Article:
Three patients, who have been paralyzed from their waist down, have been able to stand and walk again after having an electrical patch fitted to their spinal cords.
Experts say that the device, being placed below the injury will help lost signals from the brain to reach the muscles of the legs. United States research teams at the University of Louisville and the Mayo Clinic reported the success of the implant in the latest update of the New England Journal of Medicine and Nature Medicine on September 24.
"Spinal sensorimotor networks that are functionally disconnected from the brain because of spinal cord injury (SCI) can be facilitated via epidural electrical stimulation (EES) to restore robust, coordinated motor activity in humans with paralysis," it stated on the abstract in Nature Medicine.
Kelly Thomas from Florida said that her life has been transformed by the technology and that it provided her hope after her car accident.
"Being a participant in this study truly changed my life, as it has provided me with a hope that I didn't think was possible after my car accident," Thomas said to BBC. "The first day I took steps on my own was an emotional milestone in my recovery that I'll never forget, as one minute I was walking with the trainer's assistance and while they stopped, I continued walking on my own. It's amazing what the human body can accomplish with help from research and technology."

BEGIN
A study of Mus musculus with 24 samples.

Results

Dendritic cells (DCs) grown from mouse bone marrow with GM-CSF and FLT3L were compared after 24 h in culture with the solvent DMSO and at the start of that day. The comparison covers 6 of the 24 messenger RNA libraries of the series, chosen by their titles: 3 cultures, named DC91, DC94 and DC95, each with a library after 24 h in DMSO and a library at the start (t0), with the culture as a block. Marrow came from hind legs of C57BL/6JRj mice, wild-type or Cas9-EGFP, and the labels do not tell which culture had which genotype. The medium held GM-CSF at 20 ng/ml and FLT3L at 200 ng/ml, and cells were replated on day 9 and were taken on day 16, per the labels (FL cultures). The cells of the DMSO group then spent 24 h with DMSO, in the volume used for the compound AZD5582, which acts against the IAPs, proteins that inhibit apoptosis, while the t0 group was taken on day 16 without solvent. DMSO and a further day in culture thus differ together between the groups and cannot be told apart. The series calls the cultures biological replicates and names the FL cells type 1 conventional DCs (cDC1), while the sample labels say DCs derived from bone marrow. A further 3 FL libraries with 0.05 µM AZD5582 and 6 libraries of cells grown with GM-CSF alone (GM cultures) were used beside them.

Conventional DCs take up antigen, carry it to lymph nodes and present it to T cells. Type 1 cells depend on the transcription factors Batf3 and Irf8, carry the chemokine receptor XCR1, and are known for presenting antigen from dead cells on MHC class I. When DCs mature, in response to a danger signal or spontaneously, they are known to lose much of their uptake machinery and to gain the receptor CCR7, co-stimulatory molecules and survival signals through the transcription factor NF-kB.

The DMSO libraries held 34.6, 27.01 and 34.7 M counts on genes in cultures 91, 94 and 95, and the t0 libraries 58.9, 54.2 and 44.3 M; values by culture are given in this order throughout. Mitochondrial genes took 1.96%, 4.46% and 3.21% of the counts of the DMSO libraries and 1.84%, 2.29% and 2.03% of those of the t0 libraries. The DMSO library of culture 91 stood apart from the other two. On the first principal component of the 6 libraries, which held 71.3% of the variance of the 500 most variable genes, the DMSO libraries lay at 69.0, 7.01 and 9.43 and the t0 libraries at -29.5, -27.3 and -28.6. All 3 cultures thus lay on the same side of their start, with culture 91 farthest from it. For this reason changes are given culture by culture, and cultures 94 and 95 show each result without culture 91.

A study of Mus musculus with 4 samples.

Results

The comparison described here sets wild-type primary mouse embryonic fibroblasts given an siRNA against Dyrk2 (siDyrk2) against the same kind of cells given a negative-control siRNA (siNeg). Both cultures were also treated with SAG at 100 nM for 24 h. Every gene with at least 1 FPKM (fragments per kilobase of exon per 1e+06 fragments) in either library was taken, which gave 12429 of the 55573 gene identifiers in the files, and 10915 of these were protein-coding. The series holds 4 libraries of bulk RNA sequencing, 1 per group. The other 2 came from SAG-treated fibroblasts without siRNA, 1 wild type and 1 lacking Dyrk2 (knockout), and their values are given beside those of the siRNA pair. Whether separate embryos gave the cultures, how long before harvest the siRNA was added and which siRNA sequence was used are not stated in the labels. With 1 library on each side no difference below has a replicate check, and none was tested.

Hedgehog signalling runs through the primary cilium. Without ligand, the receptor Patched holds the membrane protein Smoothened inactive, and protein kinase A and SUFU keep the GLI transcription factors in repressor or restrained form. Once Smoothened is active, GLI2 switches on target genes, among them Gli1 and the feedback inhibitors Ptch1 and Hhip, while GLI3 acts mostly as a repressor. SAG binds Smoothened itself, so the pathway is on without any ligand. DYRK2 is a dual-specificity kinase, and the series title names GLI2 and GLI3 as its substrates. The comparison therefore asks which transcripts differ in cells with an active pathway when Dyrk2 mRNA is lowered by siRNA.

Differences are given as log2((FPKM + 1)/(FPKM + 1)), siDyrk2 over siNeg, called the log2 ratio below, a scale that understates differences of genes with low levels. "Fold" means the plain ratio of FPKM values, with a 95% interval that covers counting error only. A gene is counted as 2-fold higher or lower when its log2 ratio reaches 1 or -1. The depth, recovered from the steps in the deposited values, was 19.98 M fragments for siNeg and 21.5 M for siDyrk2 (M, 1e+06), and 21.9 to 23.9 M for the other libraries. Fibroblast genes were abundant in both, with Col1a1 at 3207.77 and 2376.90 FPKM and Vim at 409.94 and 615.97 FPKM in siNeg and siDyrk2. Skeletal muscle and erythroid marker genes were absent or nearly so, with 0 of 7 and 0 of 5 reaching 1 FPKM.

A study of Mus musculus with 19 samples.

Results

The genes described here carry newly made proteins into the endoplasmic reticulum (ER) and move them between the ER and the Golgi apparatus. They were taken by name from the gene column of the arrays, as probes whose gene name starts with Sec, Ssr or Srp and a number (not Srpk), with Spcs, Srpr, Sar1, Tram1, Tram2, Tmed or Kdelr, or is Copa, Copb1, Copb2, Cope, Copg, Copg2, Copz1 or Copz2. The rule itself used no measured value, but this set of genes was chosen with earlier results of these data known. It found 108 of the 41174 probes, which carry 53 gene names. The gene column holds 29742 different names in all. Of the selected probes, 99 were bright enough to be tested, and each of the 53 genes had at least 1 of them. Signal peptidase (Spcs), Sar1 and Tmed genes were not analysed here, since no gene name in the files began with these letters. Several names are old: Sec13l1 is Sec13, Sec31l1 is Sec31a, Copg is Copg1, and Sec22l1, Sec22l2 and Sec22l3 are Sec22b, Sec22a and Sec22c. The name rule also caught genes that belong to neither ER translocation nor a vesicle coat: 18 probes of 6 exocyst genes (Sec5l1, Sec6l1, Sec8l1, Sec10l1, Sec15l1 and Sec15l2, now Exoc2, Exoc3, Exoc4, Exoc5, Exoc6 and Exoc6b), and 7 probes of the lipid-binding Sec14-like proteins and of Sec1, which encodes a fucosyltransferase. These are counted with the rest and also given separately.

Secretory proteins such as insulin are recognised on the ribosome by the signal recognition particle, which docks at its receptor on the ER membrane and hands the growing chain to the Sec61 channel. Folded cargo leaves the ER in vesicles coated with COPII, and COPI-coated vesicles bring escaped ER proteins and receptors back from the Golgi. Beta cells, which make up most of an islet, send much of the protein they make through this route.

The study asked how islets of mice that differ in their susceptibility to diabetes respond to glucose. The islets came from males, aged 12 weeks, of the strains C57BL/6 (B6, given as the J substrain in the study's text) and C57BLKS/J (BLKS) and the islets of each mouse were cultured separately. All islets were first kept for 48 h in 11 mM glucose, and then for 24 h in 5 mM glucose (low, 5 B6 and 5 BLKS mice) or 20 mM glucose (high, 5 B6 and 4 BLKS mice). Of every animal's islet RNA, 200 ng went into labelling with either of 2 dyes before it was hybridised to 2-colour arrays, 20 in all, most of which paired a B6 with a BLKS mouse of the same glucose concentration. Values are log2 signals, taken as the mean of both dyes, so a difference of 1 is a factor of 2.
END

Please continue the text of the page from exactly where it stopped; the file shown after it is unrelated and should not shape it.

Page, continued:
Neurosurgeon Dr. Kendall Lee, who co-led the team from the Mayo Clinic in Rochester, Minnesota said that it is very exciting to finally see the result and its success but he also added that it is still very early as they are still in the research stage.
"It gives hope to people faced with paralysis," Dr. Lee said even though there are still unanswered questions like how precisely the device works and who it might help.